Thomas G. Sprankling
2017 Temple Bar Scholar Report
London in the fall is a vision of orange-leaved trees and ancient stone buildings enjoying their last few days of sunshine until spring. During my month as a Temple Bar scholar, I tried to walk to my placement nearly every day. A reasonably common sight was construction, often work that sought to preserve a building’s historic facade while modernizing the interior. In this way, century-old buildings gain a second youth and new tenants enjoy broadband internet and better internal heating.
It struck me during one of these walks that what my fellow scholars and I have witnessed during our October in London is a legal system in the midst of a similar renovation. That rebuilding will leave intact the nation’s finest traditions while permitting it to excel in the 21st century.
To an American, the United Kingdom in general and its legal system in particular are impossibly ancient (or, if you like, storied). The current Inns of Court, for example, have been training would-be barristers in the law since the 14th century. By contrast, my home state of California was founded a mere 167 years ago and my home town of Davis is just this year celebrating its 100th anniversary. One advantage to this reasonably brief lifespan is a society used to near-constant change. In the legal world, we have moved (relatively) quickly from a nation of solo practitioners who learned by apprenticeship to a country dominated by large law firms and a little over a dozen law schools known as the T-14. 20 years ago, my practice area--appellate law--did not really exist. Now it does.
This state of affairs seems entirely normal to me. I am sure that whatever becomes of the U.S. legal model in 30 years--whether it transforms into 2 gargantuan law firms or 2000 legal start-ups--will seem entirely normal to my children and others of their generation.
The United Kingdom, on the other hand, seems to be facing the prospect of seismic legal change in a matter of years after centuries of stability. The ramifications of Brexit were at the top of mind for nearly every attorney to whom we spoke. But other, somewhat more subtle, changes are also at work. The U.K. Supreme Court’s first female president was sworn in while we were in London, as was the Court’s second female member. And there was talk that the Inns of Court might drastically alter the structure of their traditional training programs. (For the untutored American, this would be an important change as every current barrister in the U.K. went through one of the four inns. This system leads to a stronger sense of camaraderie among members of the bar than perhaps exists in the U.S.--at least, in those places that do not have their own chapter of the U.S. Inns of court.)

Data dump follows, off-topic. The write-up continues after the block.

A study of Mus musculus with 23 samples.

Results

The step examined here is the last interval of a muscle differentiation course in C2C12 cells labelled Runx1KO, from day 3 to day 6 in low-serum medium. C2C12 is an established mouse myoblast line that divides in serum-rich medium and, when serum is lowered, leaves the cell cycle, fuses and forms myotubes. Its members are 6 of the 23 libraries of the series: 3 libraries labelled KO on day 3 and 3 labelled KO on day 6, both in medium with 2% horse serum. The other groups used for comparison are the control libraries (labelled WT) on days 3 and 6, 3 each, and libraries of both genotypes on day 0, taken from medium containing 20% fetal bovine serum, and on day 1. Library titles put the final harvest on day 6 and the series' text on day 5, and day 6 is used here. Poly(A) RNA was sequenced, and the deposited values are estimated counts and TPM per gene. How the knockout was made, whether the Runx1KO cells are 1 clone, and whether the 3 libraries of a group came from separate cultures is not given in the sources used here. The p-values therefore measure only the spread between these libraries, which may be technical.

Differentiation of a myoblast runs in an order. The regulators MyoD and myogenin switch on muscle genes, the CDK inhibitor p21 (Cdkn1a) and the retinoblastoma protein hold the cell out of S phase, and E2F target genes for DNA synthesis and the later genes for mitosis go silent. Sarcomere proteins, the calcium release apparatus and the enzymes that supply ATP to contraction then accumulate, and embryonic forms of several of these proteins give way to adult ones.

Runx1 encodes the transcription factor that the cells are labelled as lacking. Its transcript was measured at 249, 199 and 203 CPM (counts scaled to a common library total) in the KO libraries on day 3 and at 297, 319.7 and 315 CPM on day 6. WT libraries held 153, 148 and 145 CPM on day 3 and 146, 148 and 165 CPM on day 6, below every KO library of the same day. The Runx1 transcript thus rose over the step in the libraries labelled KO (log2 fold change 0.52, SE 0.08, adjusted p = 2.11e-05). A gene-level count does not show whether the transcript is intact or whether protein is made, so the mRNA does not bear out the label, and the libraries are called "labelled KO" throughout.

Moreover, the lines dividing barristers and solicitors seem to be blurring. Some solicitors, for example, now have the ability to appear in court. And barristers chambers are becoming a little more like solicitors’ firms and a little less like a loose cohort of independent practitioners who happen to have pooled their resources. One minor but telling change that came up during discussions with many barristers was the proliferation of name plates on office doors. Several of the barristers I spoke with viewed this as too impersonal. Indeed, at least in one set of chambers, members of chambers staff have put up name plates only to have the barristers themselves take them down.
To me, the most interesting aspect of the Temple Bar Scholarship was how the attorneys I met with seemed enthusiastic about meeting these changes and challenges head on. Many spoke passionately about continuing to increase diversity among the bench and bar to ensure that the legal system looks more like the demographics of Great Britain. Others gave us a detailed insight into how they intend to address the implications of artificial intelligence and other forms of rapid technological change. And nearly everyone at the U.K. Supreme Court--staff and Justices alike--was dedicated to maintaining and expanding its reputation for innovation (including, for example, live streaming all court sessions on its website).
I can’t end this report without expressing my deep gratitude towards the dozens of members of legal London who generously gave up their time to speak with me and my fellow Scholars. These ranged from the President of the U.K. Supreme Court and the Lord Chief Justice of England and Wales--both of whom met with us the day after they were sworn into office--to the barristers in Fountain Court and 20 Essex Street Chambers who allowed me to shadow them. In particular, the Justices and staff for the U.K. Supreme Court were exceptionally gracious in granting us front row seats to watch (and access to discuss with them) one of the biggest cases of the year. It was a once-in-a-lifetime experience to meet with, and learn from, all of you, and one that I will never forget. Thank you.
Thomas G. Sprankling is a clerk for Associate Justice Anthony M. Kennedy of the Supreme Court of the United States. Sprankling earned his B.A. with distinction in history and politics from Pomona College, where he served as editor-in-chief of the college’s political magazine. He was a Pomona College Scholar and earned the George S. Burgess Prize in Constitutional Law. At Columbia Law School, where he earned his J.D., Sprankling was a James Kent Scholar and received the Ruth Bader Ginsburg Prize and the Charles Bathgate Beck Prize. He served as executive articles editor of the Columbia Law Review. Sprankling worked for three years as an associate at Wilmer Cutler Pickering Hale and Dorr, LLP; and served as a law clerk for the Honorable Alex Kozinski on the Ninth Circuit U.S. Court of Appeals. He looks forward to learning more about how the solicitor/barrister arrangement of the English legal system works in practice.